Last updated on: July 15, 2010 20:15 IST

Navi Mumbai airport: What the mess is all about


But Union Civil Aviation Minister Praful Patel has high hopes. In a recent press conference held in Pune he announced that he hoped to throw open the first phase of the Navi Mumbai airport by 2013. How, Mr Minister, can you set a deadline? Besides the environment clearance there are other problems too that is plaguing the project.

The new airport proposed over 2,000 hectares has been planned near Panvel, about 35 km away from the Mumbai airport.

The cost of the project, which is being developed through the public-private partnership route, was estimated at between Rs 3,200 crore (Rs 32 billion) and Rs 4,000 crore (Rs 40 billion). Though according to CIDCO, the total cost of the airport will be about Rs 9,970 crore (Rs 99.7 billion).

The airport will have a terminal area of 250,000 square meter and a cargo area of 100,000 square meter.

An environment impact assessment (EIA) study by the Indian Institute of Technology, Bombay has categorically said that there should not be any compromise as far as the ecology is concerned.

What are the issues that have delayed this project? Let's take a closer look...

Why does Mumbai need another airport? Click NEXT...


Image: Environment Minister Jairam Ramesh and Civil Aviation Minister Praful Patel.



Mumbai's Chhatrapati Shivaji airport will reach saturation point in passenger handling capacity -- of about 40 million -- in another two year's time.

Till 2007, Mumbai airport was the busiest in India. Now it has been surpassed by the Delhi airport.

The airport was expected to absorb annually 10 million passengers in its 'first operational year' 2012, doubling to 20 million by 2020 followed by 30 million passengers in 2025 and ultimately 40 million by 2030.




Though (Praful) Patel said the City and Industrial Development Corporation of Maharashtra Ltd (Cidco) has completed 70 per cent of the land acquisition, the ground reality is not quite the same.

The land required is about 11.4 sqaure kilometre for the core airport activity and will have two parallel runways each 4,500 metres long.

Ten to twelve villages may have to be re-located, and the owners are not happy about the compensation they are being offered.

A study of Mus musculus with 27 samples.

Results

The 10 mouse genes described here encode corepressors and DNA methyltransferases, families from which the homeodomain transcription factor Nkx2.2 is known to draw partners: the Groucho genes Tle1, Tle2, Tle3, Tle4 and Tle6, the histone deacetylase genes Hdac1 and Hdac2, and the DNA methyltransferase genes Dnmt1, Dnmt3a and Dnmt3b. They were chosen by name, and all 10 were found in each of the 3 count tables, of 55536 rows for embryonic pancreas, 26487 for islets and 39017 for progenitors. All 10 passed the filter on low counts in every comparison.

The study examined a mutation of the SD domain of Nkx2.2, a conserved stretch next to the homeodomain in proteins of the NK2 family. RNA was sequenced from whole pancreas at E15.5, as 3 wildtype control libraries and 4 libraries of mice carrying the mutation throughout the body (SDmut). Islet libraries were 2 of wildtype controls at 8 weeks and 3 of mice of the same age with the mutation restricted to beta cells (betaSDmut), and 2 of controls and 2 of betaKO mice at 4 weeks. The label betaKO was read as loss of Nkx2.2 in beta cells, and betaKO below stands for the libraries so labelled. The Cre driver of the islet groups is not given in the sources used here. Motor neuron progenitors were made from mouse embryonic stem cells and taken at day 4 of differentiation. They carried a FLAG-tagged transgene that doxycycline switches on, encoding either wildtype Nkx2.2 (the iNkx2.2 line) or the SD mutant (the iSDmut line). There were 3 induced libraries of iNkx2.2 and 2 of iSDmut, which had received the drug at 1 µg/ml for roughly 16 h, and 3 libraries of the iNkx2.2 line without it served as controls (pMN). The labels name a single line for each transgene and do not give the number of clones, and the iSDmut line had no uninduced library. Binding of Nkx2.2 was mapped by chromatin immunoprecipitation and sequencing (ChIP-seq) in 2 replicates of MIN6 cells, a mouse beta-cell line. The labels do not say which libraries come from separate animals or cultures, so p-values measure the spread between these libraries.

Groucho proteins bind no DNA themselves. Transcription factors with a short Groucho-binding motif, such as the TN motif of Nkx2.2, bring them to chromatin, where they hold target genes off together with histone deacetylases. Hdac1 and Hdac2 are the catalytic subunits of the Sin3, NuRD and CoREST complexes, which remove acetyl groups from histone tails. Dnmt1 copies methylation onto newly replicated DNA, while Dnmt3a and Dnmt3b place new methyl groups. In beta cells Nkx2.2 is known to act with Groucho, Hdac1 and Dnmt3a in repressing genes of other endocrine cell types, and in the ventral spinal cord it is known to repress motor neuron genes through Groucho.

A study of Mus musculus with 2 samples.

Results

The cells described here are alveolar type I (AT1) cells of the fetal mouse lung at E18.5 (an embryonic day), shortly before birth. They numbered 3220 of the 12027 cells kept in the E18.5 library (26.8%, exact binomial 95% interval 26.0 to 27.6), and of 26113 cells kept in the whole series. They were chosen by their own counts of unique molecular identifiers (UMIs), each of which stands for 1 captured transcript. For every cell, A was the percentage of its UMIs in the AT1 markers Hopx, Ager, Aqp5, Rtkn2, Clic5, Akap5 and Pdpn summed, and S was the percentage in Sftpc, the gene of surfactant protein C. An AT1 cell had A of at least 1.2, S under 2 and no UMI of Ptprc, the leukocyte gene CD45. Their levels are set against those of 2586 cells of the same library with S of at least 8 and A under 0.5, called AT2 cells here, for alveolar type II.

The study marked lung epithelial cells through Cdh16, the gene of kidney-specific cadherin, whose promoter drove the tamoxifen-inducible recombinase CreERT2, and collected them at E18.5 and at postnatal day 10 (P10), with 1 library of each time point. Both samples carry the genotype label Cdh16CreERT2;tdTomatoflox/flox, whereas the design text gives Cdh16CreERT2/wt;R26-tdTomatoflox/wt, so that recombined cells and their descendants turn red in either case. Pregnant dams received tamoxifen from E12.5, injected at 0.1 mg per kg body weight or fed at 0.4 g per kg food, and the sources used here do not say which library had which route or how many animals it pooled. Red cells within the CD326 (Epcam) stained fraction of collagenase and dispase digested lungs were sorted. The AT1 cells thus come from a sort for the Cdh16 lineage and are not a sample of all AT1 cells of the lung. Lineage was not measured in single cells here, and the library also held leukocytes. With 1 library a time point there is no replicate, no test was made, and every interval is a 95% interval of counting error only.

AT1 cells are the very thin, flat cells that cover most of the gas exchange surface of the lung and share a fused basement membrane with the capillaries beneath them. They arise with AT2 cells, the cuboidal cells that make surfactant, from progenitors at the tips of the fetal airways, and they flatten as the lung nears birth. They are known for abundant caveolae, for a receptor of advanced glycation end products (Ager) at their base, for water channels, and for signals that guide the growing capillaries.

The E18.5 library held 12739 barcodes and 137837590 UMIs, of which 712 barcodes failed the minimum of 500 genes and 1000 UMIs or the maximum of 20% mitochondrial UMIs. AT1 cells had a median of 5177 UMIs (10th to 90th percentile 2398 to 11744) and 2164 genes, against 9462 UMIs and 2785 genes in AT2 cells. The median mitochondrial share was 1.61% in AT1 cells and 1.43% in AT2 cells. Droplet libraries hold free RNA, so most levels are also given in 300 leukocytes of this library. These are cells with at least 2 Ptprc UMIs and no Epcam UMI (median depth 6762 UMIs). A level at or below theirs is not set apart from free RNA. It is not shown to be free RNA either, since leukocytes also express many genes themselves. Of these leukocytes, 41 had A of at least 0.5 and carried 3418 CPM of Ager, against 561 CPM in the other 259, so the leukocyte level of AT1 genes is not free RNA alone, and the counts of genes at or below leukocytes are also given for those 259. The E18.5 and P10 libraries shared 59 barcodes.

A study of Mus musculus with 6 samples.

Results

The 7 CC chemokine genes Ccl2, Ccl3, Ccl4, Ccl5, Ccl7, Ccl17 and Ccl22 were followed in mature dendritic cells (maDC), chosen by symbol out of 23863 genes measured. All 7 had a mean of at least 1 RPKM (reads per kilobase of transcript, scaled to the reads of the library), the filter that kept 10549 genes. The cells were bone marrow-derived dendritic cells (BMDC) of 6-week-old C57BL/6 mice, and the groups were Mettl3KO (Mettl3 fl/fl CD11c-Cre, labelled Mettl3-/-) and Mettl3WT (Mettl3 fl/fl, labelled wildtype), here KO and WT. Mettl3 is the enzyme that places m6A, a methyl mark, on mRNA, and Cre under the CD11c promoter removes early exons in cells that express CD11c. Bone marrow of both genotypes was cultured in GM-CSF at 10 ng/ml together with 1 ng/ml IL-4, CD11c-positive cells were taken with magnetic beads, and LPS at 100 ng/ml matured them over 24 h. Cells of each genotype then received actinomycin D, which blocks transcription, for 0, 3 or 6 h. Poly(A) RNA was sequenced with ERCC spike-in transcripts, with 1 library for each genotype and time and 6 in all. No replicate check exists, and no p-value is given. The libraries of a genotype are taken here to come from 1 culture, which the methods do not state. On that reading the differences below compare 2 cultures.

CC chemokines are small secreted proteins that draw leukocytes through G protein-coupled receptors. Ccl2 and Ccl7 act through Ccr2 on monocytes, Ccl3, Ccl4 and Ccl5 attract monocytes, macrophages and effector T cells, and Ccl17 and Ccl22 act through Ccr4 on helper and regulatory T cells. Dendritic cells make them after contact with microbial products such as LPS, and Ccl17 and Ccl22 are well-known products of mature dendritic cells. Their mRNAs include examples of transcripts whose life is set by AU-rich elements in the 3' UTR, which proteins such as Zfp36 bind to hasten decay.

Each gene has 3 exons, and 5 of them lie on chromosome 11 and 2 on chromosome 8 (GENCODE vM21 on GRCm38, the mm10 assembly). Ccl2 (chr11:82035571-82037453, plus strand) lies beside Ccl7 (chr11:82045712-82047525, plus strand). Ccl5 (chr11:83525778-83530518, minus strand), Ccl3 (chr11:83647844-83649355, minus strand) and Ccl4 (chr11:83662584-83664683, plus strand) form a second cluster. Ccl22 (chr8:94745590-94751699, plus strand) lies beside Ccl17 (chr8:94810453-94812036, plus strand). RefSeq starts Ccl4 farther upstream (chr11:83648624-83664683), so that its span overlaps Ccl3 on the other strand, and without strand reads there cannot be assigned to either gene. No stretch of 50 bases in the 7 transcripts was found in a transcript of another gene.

In a recent interview to NDTV Profit, Sashikant Kene, sarpanch of Wadgar gram panchayat said, they want Cidco to give them 500-square feet houses and market linked compensation for the agricultural land.

Instead, he complained, Cidco had given only Rs 15,000 for an acre. The whole issue of land acquisition is now being fought out in court.

The IIT-B study has called for implementation of a Rs 370-crore (Rs 3.7 billion) rehabilitation and resettlement (R&R) policy for 10 settlements in the airport zone.

The R&R policy envisages a one-time financial grant for construction of a house, freehold ownership with a concessional floor-space index, subsistance allowance for a year, reservation for jobs and allotment of preferential equity shares to project affected persons.



Environmnet Minister Jairam Ramesh is fighting tooth and nail agianst this project. He said there are serious ecological issues that need to be addressed first.

Construction of the airport on the proposed site, said Ramesh, would destroy 400 acres of mangroves.

An area of 161.50 hectares has been found to be affected due to the airport project, based on a Satellite Remote Sensing Study.

Double that area of mangroves need to be planted in accordance to the order of the Bombay high court. Accordingly, 350 hectares has been identified for plantation of mangroves at Dahanu taluka of Thane district.



The IIT study concluded that the development of the airport without diverting the Ulwe river and training of the Gadhi river is not technically feasible and viable, as this option cost about Rs 16,000 crore (Rs 160 billion) and defeats the very purpose of retaining the geomorphology of rivers and its aquatic life and mangroves.

Environmental lawyer Girish Raut told The Asian Age that changing the course of the two rivers would be a 'blunder'.

The same mistake, he said, was committed while constructing the Mumbai airport. The Mithi river was diverted at two points and that "led to Mumbai getting flooded in 2005'.



Ramesh also expressed concerns that building the airport at the present selected site would require the levelling of an 80-metre-high hill which raises significant coastal zone management issues.

The notification by the ministry of environment and forests say that the CRZ or coastal region zone is a boundary line from the high tide line up to a level of 500 metres which is in the landward side. This can also be an area below the low tide line and the high tide line.

The ministry had initially ruled out the construction of the airport since 25 per cent of the designated area is under the CRZ. And under this provision no commercial construction should be allowed.

But, later, it was decided by the environment ministry that Mumbai should be given a special status because of its development needs.

Environmentalists warn that the new airport would be vulnerable to high tides and sea storms even after land is reclaimed. The safe height to which the ground level has to be raised is four metres but Cidco will succeed in raising the level by just two-and-a-half to three metres. This would be risky as the potential height of sea waves is between three and 10 metres.

The status now:

The matter will come for consideration with the Environmental Appraisal Committee on July 21-22 and only then will its fate will be decided.